Boston: Older adults who have good cardiac fitness may experience more brain activity during learning and perform better in memory tasks, a new study has found.
In a study by Boston University in the US, older adults who scored high on cardiorespiratory fitness (CRF) tests performed better on memory tasks than those who had low CRF.
Further, the more fit older adults were, the more active their brain was during learning.
Difficulty remembering new information represents one of the most common complaints in ageing and decreased memory performance is one of the hallmark impairments in Alzheimer’s disease.
Healthy young (18-31 years) and older adults (55-74 years) with a wide range of fitness levels walked and jogged on a treadmill while researchers assessed their cardiorespiratory fitness by measuring the ratio of inhaled and exhaled oxygen and carbon dioxide.
These participants also underwent MRI scans which collected images of their brain while they learned and remembered names that were associated with pictures of unfamiliar faces.
The researchers found that older adults, when compared to younger adults, had more difficulty learning and remembering the correct name that was associated with each face.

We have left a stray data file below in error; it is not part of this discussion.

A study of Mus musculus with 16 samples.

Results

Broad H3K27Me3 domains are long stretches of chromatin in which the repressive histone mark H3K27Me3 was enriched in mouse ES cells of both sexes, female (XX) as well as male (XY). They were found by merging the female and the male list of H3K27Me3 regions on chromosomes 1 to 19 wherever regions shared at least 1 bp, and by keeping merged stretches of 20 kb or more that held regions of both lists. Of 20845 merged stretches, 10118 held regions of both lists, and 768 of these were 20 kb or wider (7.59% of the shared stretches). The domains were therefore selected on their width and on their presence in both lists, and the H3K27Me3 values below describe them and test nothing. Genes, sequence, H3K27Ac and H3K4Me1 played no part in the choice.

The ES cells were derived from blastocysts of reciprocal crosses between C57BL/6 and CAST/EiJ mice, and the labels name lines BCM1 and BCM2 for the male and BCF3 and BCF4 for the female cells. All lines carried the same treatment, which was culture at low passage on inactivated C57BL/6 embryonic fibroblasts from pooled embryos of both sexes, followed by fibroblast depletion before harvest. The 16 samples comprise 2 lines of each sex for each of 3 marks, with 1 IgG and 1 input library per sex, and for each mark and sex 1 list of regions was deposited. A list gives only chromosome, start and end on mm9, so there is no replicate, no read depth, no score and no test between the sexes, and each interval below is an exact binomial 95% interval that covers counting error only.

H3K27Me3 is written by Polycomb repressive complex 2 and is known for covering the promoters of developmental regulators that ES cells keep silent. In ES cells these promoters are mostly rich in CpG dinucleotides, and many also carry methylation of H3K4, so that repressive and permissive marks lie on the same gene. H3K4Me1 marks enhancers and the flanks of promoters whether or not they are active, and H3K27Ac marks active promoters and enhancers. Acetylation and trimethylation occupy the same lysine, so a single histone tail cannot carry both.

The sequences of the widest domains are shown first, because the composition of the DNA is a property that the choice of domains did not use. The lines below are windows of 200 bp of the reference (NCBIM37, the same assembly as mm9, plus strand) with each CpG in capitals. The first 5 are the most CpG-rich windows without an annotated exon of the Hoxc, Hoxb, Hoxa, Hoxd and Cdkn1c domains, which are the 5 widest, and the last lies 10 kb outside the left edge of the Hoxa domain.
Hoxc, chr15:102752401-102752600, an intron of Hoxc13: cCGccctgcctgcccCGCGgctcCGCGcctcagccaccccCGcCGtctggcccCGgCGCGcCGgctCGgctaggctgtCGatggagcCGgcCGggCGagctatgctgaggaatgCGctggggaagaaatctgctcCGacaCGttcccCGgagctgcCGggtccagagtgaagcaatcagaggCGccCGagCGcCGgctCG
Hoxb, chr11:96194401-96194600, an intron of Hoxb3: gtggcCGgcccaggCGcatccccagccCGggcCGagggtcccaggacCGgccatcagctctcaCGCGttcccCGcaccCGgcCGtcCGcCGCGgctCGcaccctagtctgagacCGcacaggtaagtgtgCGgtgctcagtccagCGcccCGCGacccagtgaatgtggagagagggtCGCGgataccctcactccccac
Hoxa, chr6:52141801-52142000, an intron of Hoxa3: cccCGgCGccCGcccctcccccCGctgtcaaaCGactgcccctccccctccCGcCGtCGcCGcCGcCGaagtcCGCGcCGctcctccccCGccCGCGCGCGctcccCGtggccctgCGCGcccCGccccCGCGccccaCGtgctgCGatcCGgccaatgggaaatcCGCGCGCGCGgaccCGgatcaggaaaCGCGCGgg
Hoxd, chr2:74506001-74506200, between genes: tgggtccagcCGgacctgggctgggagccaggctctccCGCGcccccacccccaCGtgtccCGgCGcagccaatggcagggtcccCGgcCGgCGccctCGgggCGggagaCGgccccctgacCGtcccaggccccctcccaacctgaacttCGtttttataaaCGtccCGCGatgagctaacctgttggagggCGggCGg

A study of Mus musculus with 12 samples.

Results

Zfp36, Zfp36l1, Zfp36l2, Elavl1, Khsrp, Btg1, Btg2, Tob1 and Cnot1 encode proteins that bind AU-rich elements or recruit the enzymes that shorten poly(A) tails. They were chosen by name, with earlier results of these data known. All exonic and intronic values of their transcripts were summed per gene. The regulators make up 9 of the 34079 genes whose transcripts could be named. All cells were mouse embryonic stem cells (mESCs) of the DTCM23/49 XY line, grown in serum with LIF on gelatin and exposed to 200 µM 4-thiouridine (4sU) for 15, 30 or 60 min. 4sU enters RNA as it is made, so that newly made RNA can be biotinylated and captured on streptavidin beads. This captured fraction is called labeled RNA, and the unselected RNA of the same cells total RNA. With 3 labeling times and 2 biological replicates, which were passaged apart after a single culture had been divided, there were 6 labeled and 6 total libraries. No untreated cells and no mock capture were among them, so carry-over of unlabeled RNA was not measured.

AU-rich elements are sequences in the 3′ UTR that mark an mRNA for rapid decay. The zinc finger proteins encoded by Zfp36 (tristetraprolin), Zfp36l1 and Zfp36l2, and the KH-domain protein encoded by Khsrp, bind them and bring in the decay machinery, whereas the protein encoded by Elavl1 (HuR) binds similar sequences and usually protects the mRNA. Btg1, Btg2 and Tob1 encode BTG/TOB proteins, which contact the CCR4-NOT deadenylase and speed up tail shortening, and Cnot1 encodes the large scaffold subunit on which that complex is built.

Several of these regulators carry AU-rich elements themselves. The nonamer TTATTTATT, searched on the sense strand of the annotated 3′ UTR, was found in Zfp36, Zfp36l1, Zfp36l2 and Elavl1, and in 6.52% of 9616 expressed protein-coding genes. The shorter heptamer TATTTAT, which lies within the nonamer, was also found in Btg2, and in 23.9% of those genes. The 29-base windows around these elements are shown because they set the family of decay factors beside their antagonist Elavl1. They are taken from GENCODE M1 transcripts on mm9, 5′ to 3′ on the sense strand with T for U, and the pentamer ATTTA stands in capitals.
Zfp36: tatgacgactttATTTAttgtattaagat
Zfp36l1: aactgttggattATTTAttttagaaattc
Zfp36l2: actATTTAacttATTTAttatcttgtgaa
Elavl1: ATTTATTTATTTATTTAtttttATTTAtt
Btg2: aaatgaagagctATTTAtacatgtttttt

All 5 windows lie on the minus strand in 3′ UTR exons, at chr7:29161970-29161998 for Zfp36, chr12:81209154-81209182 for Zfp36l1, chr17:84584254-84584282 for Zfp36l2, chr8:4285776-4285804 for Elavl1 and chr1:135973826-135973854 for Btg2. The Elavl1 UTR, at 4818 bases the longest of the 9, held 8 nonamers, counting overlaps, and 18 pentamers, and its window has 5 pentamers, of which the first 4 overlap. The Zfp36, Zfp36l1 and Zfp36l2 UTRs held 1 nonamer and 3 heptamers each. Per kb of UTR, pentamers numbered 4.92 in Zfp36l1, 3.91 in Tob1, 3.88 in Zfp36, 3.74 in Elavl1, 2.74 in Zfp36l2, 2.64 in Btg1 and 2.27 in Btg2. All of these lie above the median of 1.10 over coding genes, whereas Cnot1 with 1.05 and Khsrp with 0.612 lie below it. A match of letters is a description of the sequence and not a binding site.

Age differences in brain activation were observed during the learning of the face-name pairs, with older adults showing decreased brain activation in some regions and increased brain activation in others.
However, the degree to which older adults demonstrated these age-related changes in memory performance and brain activity largely depended on their fitness level.
In particular, high fit older adults showed better memory performance and increased brain activity patterns compared to their low fit peers.
The increased brain activation in the high fit older adults was observed in brain regions that show typical age-related decline, suggesting fitness may contribute to brain maintenance.
Higher fit older adults also had greater activation than young adults in some brain regions, suggesting that fitness may also serve a compensatory role in age-related memory and brain decline.
According to the researchers this study highlights that CRF is not only important for physical health, but is also associated with brain function and memory performance.
“Importantly, CRF is a modifiable health factor that can be improved through regular engagement in moderate to vigorous sustained physical activity such as walking, jogging, swimming, or dancing,” said Scott Hayes, assistant professor at Boston University School of Medicine.
“Therefore, starting an exercise programme, regardless of one’s age, can not only contribute to the more obvious physical health factors, but may also contribute to memory performance and brain function,” said Hayes.
The study was published in the journal Cortex.